Ice cold, delicious and full of acid. Also sugar.

It’s like this…drinking a lot of pop can cause cavities. The more pop you drink, and the slower you drink it, the greater your chances of getting cavities.

I’ve written about this before. A lot, actually. In fact, many of my patients get sick of me telling them about it. But hey…I’m a doctor. I’ll bet diabetics get tired of hearing their physician tell them that they need to lay off the M&M’s and donuts, too.

I recently examined a patient who admitted to being a serious on-the-job pop drinker. He told me with no prompting that he was done with pop. He didn’t like how it made his teeth look. So, of course, I took a picture.

"pop cavities" (click to enlarge)

He had a few things going on that are classic for pop drinkers:

  • front teeth: He had quite a few cavities, but they were limited mostly to his upper front teeth. If you think about it, that kind of makes sense. When you sip a highly acidic and sugary beverage what does it hit first? Your upper front teeth. So that’s where the acid and sugar starts to work.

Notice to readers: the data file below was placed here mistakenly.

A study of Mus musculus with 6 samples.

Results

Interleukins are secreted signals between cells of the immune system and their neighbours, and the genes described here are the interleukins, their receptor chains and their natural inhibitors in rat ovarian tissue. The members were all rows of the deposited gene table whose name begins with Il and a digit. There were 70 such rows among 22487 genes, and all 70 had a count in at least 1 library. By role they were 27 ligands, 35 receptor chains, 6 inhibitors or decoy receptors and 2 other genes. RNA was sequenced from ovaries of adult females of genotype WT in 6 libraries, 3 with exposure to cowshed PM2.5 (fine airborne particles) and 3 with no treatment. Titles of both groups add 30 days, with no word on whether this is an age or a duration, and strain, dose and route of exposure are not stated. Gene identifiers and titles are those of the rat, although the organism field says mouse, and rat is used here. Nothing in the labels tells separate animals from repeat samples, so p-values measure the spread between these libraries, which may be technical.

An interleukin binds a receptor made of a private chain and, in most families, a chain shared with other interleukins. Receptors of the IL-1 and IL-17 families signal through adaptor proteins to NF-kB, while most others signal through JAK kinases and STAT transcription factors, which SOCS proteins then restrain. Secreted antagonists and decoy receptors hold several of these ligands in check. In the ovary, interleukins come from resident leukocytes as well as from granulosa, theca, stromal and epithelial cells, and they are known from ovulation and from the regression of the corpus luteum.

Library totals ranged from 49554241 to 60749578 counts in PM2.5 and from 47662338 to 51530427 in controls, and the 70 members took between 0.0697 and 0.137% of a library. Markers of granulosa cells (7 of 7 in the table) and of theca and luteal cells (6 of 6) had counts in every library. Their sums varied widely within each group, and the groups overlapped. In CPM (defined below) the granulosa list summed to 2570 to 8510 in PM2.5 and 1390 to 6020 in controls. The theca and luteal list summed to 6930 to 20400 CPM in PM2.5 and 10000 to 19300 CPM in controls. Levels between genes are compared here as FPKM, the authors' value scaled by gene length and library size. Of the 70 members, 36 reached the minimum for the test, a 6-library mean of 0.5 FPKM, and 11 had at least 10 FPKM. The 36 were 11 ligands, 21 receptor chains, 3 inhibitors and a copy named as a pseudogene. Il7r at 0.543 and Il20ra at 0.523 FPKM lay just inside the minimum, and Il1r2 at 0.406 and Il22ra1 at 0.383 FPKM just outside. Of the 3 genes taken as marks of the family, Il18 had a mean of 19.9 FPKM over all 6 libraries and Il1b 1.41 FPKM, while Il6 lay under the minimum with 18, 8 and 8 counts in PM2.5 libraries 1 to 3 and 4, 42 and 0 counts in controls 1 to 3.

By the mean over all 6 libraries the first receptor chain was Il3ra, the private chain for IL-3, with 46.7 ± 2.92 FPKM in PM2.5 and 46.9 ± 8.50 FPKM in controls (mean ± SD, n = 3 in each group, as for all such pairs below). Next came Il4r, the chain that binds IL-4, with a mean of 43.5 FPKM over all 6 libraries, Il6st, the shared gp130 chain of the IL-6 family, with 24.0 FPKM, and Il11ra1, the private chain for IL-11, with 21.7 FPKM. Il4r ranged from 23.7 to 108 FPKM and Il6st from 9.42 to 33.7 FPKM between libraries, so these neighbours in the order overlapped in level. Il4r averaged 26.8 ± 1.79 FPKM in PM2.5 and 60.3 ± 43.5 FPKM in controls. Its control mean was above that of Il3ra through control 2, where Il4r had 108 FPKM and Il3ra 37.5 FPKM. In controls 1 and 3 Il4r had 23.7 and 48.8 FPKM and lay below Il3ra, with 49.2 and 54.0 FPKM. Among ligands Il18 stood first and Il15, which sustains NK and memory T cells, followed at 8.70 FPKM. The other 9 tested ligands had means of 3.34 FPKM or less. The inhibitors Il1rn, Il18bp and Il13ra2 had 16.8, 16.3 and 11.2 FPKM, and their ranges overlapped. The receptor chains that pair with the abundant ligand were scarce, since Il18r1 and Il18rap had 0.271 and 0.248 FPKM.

• “white spot” lesions: This is the chalky, white spotting that you can see on tooth enamel that has been partially dissolved by acid. The good news about white spot lesions is that with some intensive fluoride treatment they can be reversed. However, continued acid and sugar will cause a white spot lesion to turn into a…
  • “pop cavities:” That’s just what I call them. This is the yellowish-brownish hole you can see once the acid has really broken through the enamel of your tooth. The second layer is darker colored and much more susceptible to the acid. Once you lose your enamel, that tooth is a much greater risk to form a pop cavity.
So what can you do if you like your pop so much that you don’t want to stop? I have a couple suggestions:

So, are you a pop drinker? You ought to check out your front teeth in a mirror. Or, better yet, come in the office and let us take some photos. We can take a look at them together on the iPad and see if you’ve got any “pop cavities.”